This week our discussion focused on medications. Mostly oral medications, but we did touch on insulin. Her goal was to get us to understand what the medications we are currently taking are supposed to do. What part of the body are they working with…and against. Also, that the reason for taking these meds is to help avert complications. The better control, the better chances you have of fewer complications.
Another thing that she mentioned is that you do have to be patient with seeing how the medications work. Some can take from 6-15 weeks to reach their potential, so stay consistent in when and how you take your meds so you can see what is really going on with your control.
One of the most profound things I found was that every med has a side effect with the exception of insulin. There are reactions, but for the most part, insulin is one medication that doesn't cause another problem.
Here is what I mean.
Metformin, while a fairly stable med, works in your liver mainly can be the cause of low B-12 levels. This can cause irregularities in how your red blood cells are formed and carry oxygen. Thus our fatigue and shortness of breath in some cases. It also can create havoc on your kidneys. And if you ever get a kidney test that involves dye, make sure you ask your doctor how many days before the test that you need to STOP taking your metformin.
Sulfonylureas (Glimepiride, Glyburide, and Glipizide) work mainly with your pancreas. While they help decrease your fasting numbers, they can cause hypos if you are not taking them as prescribed. So make sure you ask your doctor when you are supposed to take these.
Meglitinides (Prandin and Starlix) also work to stimulate your pancreas to secrete insulin rapidly into your blood. Again, besides weight gain, this can cause hypo episodes if you take it too long before a meal or if you skip meals.
There are also Alpha-glucosidase Inhibitors (Precose and Glyset) that work in your digestive track. They block the enzyme that digests starches. Unfortunately, it also causes really bad GAS…needless to say, not too many people opt for this treatment.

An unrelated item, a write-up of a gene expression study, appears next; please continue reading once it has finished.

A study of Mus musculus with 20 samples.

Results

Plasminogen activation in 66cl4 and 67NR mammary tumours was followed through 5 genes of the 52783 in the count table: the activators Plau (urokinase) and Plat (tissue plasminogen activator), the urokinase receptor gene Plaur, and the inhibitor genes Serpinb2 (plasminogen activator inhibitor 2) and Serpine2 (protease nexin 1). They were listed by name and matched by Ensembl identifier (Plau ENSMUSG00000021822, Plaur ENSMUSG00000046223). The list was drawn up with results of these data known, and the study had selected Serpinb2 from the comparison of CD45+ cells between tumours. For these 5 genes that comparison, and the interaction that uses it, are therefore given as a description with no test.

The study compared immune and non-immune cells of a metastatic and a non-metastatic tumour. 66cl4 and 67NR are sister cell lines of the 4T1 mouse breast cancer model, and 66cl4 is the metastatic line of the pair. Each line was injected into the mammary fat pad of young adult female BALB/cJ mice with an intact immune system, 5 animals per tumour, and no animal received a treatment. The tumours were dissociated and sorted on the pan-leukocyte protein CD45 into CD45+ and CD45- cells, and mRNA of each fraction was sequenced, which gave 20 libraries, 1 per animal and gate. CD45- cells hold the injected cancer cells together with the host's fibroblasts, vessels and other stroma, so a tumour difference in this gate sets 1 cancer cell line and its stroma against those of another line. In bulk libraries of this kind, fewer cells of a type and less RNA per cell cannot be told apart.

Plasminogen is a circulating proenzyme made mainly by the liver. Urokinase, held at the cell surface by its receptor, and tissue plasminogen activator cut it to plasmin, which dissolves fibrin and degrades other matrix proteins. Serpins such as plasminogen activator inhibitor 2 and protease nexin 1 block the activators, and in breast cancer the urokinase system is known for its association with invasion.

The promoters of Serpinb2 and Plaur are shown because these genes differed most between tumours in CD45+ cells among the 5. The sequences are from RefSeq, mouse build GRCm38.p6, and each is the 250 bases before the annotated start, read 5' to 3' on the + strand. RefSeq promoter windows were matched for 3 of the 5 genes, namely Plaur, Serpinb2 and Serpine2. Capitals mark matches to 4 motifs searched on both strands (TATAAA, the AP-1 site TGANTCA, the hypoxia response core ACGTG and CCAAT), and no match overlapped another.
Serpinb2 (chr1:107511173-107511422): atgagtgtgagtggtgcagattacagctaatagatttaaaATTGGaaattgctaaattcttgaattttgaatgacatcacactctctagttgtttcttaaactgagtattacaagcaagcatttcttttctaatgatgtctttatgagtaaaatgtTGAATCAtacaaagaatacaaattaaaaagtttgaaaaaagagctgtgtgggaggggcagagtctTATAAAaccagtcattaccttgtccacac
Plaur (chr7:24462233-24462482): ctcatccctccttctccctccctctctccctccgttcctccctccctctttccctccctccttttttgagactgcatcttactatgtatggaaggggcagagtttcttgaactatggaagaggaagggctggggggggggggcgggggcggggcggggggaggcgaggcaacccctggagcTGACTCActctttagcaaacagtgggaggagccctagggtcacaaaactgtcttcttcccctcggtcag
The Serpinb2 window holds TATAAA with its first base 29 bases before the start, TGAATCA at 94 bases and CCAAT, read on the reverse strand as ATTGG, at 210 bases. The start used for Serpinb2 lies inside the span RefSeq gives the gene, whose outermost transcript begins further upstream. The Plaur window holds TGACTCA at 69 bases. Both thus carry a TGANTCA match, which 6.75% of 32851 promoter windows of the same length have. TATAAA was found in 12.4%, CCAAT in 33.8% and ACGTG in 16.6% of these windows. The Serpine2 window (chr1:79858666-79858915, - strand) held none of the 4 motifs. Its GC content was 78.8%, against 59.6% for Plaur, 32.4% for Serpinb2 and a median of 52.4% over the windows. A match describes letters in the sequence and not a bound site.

Thiazolidinediones (Actos and Avandia) work to decrease the insulin resistance. While Avandia still has a black box, it's bad reputation is most likely due to doctors not paying attention to other lipid information. If anyone has or has had congestive heart failure, you should talk to your doctor about alternatives to these prescriptions.
Incretins (Byetta and Januvia) These are new and have had mixed reviews. They delay the emptying of your stomach, makes you feel fuller and can cause weight loss. However, it also is not recommended if you have gastric peresis and now it is being linked to pancreatitis. So you may want to weigh carefully the risks to the benefits.
Another ah-ha moment was when she was talking about insulin and how so many doctors "threaten" you with insulin if you don't take control. If insulin is what you need, then don't see it as a failure. It is not. Insulin is another tool for you to live a complication free life. So don't be afraid to talk to your doctor about taking it if you feel your oral treatments are not being effective. It can often give you better control, fewer complications and less side effects and is not used as much as it probably should be.